A City of Despair and Lawlessness
Friday, September 2, 2005
NEW ORLEANS, Sept. 1 -- Federal and local authorities struggled Thursday to regain control of this ruined and lawless city, where tens of thousands of desperate refugees remained stranded with little hope of rescue and rapidly diminishing supplies of food and drinking water.
The chaos that has gripped New Orleans after Hurricane Katrina showed signs Thursday of spreading to Baton Rouge and along the storm-ravaged Gulf Coast, as weary refugees continued their slow and confused exodus to higher ground. Fresh waves of National Guard troops began pouring into the region in an attempt to quell the unrest, but large swaths of New Orleans and other sodden areas remained essentially ungoverned.
By the end of the day, the American Red Cross announced that its hurricane shelters were full, with an estimated 76,000 refugees at facilities in Louisiana, Mississippi, Alabama, Florida, Georgia, Texas and Arkansas. The official death toll in Mississippi climbed above 100, and Louisiana officials repeated warnings that thousands could be dead in New Orleans. The Energy Department said about 1.8 million customers remained without power due to Katrina.
Those left behind in the Crescent City, including many with diabetes and other worsening health conditions, clung to rooftops, gathered on overpasses and bridges, and huddled on islands of dry ground, waiting for help that never came. Parents carried small children, and grown children carried their elderly parents through the flotsam. Corpses floated in fetid waters and lay amid the crowds of refugees. Helicopters airlifted hundreds of seriously ill patients to a makeshift field hospital at the city's airport.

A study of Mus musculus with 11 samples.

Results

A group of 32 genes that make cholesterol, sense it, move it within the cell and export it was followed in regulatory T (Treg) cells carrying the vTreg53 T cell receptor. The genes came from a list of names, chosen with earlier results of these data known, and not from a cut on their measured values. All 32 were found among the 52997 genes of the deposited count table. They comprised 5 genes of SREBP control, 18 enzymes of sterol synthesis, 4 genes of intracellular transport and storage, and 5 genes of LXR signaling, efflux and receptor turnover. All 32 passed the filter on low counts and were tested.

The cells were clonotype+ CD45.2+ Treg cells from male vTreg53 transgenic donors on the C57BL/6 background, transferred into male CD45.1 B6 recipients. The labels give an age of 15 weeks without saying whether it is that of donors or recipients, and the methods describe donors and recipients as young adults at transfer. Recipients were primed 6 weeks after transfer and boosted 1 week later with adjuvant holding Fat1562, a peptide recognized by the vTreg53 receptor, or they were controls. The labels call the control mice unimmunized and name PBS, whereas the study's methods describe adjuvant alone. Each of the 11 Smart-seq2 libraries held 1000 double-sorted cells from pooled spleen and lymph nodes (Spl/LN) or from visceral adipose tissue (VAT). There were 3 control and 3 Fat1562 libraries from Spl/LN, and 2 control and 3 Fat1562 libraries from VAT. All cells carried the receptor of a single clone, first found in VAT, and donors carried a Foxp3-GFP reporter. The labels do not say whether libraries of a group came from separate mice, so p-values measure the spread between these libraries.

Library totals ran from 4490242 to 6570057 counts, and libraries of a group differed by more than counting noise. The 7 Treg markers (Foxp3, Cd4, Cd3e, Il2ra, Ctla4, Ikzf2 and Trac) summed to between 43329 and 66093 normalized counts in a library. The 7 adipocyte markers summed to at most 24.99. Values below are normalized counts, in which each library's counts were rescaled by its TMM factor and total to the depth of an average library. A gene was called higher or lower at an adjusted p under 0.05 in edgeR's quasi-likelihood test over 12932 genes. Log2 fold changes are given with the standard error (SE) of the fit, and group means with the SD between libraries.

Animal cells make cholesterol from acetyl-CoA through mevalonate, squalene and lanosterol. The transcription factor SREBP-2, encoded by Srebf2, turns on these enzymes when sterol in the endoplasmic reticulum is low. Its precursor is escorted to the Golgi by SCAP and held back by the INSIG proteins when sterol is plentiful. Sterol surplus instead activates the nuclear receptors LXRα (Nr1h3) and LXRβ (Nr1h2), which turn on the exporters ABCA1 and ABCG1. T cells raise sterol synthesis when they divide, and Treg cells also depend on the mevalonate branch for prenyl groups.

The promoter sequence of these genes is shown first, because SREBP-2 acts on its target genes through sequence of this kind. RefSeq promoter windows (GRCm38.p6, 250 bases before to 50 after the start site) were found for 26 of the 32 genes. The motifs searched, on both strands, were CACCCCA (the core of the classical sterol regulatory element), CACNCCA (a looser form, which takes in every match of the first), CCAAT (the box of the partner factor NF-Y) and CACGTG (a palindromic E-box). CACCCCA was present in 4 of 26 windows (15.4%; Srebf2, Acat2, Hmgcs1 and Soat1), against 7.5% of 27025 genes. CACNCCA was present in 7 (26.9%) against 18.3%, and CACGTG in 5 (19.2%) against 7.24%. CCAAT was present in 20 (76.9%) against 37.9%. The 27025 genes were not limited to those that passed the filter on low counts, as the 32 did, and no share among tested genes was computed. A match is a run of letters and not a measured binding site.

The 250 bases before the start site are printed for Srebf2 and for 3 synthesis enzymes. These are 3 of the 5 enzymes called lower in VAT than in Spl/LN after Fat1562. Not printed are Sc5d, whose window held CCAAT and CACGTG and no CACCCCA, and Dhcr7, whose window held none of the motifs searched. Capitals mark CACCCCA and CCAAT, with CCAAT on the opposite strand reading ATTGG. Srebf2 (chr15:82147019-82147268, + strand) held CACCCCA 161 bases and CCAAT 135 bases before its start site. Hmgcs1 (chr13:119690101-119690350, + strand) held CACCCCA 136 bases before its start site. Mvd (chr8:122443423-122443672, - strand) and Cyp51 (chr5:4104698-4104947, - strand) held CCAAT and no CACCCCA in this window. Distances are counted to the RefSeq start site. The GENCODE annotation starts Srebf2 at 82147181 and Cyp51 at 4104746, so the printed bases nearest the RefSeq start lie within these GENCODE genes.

At the storm-damaged Superdome, faltering efforts to transport as many as 23,000 refugees to the Astrodome in Houston were temporarily halted after a gunshot was reportedly fired at a military helicopter. Authorities continued to struggle with incidents of looting, carjackings and other violence.
The deepening crisis prompted urgent pleas for help from local officials and residents, many of whom pointedly criticized the federal government for what they said was a meager and slow response.
"This is a desperate SOS," New Orleans's beleaguered mayor, C. Ray Nagin, said at one point in the day.
In Washington, President Bush and his aides said the government acted as quickly as possible and announced a range of stepped-up response plans, including promises of thousands of extra troops and billions of dollars for recovery and rebuilding efforts. Congress returned early from its summer recess to consider emergency legislation for immediate aid. Late Thursday night, the Senate approved $10.5 billion in assistance, and the House will meet on Friday.
Bush urged Americans to curb gasoline consumption to ease the impact of refineries crippled by the storm. He also warned Gulf Coast residents, including those searching for water and food, not to break into businesses or commit other crimes during the crisis.
"There ought to be zero tolerance of people breaking the law during an emergency such as this," Bush said in an interview on ABC's "Good Morning America."
"If people need water and food, we're going to do everything we can to get them water and food," Bush added. "It's very important for the citizens in all affected areas to take personal responsibility and assume a kind of a civic sense of responsibility so that the situation doesn't get out of hand, so people don't exploit the vulnerable."
The calls for calm came amid increasing signs of unrest among those who remain stranded in New Orleans. Continued engineering difficulties have kept 80 percent of the city flooded for more than three days.